I am in process of purchasing a 1993 Lexus SC 400 with low 80,000 miles. I just discovered the AC is not working and since the dealer no longer carries R12, he wants to replace the entire system for R134 for $2500. The neighborhood shop wants to add freeze 12, then test. I don’t know what to do. My impulse is to find someone with R12, then see if it goes bad again.
I don’t like either of those options. I would suggest updating the system. Our Toyota also was in that situation and a local radiator - A/C shop I have known for over 40 years did the switch out for about $800.00 a few years ago. I think if you do a little more shopping you can get the equivalent. We have had no problems with it.
Just have the system updated to R134. Do not have Freeze 12 installed, many shops(including mine) will not service a system with unknown or suspicous freon in the system.
$2500?!?!?! What a rip-off!! DO NOT LET THEM DO IT! Go to a reputable shop that handles A/C. If the problem is just a leak, the whole thing can be done for $200. If there are any other problems, they must be fixed first. $2500 means they will replace everything in the A/C system just to cover their backsides. But, you probably don’t need to go to that extreme.
You are rapidly getting acquainted with the high cost of old Lexus ownership. If you are still “in the process” of buying this car, you may want to stop the process.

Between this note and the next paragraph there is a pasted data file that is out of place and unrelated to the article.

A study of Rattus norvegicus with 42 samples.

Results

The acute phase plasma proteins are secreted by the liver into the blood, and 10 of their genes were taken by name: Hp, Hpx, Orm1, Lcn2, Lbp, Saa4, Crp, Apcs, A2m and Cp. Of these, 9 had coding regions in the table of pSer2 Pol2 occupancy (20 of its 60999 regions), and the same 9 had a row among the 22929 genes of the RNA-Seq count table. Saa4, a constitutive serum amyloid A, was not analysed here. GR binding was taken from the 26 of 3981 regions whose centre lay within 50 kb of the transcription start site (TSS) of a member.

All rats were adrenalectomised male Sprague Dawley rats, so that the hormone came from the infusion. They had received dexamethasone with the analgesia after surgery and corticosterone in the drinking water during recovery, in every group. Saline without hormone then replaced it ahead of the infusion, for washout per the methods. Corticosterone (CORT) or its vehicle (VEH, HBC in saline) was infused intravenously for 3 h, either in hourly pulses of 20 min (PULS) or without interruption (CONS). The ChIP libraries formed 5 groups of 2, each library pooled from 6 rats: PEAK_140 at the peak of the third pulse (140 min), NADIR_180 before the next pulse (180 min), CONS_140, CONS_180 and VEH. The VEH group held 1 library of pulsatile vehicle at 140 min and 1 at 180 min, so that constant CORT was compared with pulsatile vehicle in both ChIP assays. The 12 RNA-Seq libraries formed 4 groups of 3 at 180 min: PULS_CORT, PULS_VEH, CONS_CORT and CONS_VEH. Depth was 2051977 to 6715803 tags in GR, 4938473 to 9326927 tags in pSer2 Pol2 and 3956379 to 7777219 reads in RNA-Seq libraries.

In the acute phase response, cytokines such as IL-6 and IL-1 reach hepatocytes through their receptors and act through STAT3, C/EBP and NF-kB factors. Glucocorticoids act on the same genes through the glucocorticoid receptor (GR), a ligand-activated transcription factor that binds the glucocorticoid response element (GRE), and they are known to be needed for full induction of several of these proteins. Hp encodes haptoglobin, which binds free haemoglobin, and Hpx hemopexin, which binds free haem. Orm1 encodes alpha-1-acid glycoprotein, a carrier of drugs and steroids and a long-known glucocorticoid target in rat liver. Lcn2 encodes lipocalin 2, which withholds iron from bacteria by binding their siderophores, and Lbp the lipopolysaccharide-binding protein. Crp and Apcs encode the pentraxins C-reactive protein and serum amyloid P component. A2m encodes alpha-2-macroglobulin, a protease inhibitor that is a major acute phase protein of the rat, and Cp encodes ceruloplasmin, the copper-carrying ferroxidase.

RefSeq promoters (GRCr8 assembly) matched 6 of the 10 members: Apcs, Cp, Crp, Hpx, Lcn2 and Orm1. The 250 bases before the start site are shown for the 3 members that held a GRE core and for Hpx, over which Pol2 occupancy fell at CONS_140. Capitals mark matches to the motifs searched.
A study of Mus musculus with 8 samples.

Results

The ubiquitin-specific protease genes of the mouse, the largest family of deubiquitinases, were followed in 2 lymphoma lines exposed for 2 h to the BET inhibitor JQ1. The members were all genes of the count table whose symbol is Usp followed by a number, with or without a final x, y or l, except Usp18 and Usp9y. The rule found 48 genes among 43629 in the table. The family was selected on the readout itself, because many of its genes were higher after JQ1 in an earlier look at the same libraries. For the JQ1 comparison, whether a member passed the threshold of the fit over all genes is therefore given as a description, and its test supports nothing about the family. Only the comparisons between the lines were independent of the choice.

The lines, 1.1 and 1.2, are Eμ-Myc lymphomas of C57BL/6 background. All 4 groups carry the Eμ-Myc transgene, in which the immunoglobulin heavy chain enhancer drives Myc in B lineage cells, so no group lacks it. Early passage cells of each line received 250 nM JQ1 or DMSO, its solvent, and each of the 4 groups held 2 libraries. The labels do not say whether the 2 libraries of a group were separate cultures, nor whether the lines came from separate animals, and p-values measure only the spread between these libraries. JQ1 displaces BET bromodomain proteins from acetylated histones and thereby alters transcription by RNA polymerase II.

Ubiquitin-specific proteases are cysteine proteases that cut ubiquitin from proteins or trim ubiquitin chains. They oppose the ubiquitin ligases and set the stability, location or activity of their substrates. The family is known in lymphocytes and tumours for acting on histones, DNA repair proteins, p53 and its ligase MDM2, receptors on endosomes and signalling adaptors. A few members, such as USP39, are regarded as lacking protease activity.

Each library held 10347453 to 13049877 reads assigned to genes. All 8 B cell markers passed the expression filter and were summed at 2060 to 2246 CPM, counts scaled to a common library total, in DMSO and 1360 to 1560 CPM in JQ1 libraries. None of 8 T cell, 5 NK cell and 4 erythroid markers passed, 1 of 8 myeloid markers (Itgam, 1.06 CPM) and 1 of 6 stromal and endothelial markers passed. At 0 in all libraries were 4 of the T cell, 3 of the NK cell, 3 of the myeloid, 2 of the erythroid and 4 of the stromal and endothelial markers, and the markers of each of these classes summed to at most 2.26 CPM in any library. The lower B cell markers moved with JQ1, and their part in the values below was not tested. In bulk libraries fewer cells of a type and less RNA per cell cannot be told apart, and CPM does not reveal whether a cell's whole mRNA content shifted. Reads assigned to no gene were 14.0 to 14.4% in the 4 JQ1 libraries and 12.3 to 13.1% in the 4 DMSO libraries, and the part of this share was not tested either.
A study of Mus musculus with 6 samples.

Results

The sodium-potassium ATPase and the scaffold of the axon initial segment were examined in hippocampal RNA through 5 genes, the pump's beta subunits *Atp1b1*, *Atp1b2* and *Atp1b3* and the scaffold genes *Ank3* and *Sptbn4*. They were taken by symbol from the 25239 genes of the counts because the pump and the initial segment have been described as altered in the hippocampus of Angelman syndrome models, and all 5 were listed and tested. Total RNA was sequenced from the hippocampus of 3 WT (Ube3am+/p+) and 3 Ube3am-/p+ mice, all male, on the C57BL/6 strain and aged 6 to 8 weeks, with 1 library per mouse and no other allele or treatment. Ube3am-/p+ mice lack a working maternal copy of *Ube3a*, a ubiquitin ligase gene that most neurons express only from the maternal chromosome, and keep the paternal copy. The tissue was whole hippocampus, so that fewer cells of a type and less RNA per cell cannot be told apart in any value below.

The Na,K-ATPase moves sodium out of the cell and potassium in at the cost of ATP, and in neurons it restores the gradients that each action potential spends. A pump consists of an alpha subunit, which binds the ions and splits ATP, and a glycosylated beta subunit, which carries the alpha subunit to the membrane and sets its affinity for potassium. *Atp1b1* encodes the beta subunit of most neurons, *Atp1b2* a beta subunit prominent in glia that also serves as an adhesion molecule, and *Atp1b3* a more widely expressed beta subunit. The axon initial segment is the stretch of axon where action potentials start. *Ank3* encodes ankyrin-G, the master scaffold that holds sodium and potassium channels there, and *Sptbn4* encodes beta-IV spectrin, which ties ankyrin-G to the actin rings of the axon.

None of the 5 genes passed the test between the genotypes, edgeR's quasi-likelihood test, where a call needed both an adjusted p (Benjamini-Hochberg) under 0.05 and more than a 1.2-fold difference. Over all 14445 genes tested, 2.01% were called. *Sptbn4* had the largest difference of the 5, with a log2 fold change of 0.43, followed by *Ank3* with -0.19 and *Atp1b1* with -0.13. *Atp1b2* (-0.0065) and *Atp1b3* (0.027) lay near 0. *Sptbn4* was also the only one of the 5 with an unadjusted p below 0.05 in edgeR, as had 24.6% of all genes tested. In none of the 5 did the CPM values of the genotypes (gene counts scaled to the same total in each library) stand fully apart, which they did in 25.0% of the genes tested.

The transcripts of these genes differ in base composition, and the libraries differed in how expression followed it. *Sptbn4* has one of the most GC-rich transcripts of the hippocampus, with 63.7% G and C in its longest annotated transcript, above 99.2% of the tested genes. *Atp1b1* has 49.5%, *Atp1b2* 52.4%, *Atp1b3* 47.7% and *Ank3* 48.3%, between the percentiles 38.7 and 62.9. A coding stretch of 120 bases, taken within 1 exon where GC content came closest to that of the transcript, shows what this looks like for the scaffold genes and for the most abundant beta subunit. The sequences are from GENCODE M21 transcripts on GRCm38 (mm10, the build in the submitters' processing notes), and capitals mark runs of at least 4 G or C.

Even $800 to do an R134a swap seems high to me. What are they changing, and are they using gold plated refrigerant?
Ask some more HVAC shops about a conversion to R134a. It just involves recovering the remaining R12, flushing the old mineral oil out of the system, checking and fixing leaks, replacing the filter drier, adding polyol ester oil, pulling a vacuum, and finally adding R134a.
If you think 80,000 is “low mileage” you are deluding yourself. This is a 15 year old car. The failed A/C is just the beginning. If you in fact own this car, good luck. If you don’t own it, walk away.
Agreed with Willey. Forget the R12 and the Freeze 12; go with the 134.
If the system has been inoperative for a long time I would give it a shot as is other than changing the drier and installing a new compressor shaft seal. The latter is the cause of most leaks and it’s not that hard to do.
Evacuate, recharge, check for leaks, and see what happens. This should not run an obscenely large amount of money.
Since a Lexus is essentially a Camry in expensive clothing, most systems should be identical, including the A/C. A competent (emphasis on competent) A/C shop should be able to do the R134A conversion for far, far less than $2500. There are even kits to do it yourself… although if you’ve never tackled repairs, aren’t familiar with air conditioning at all, I’d have a shop do it.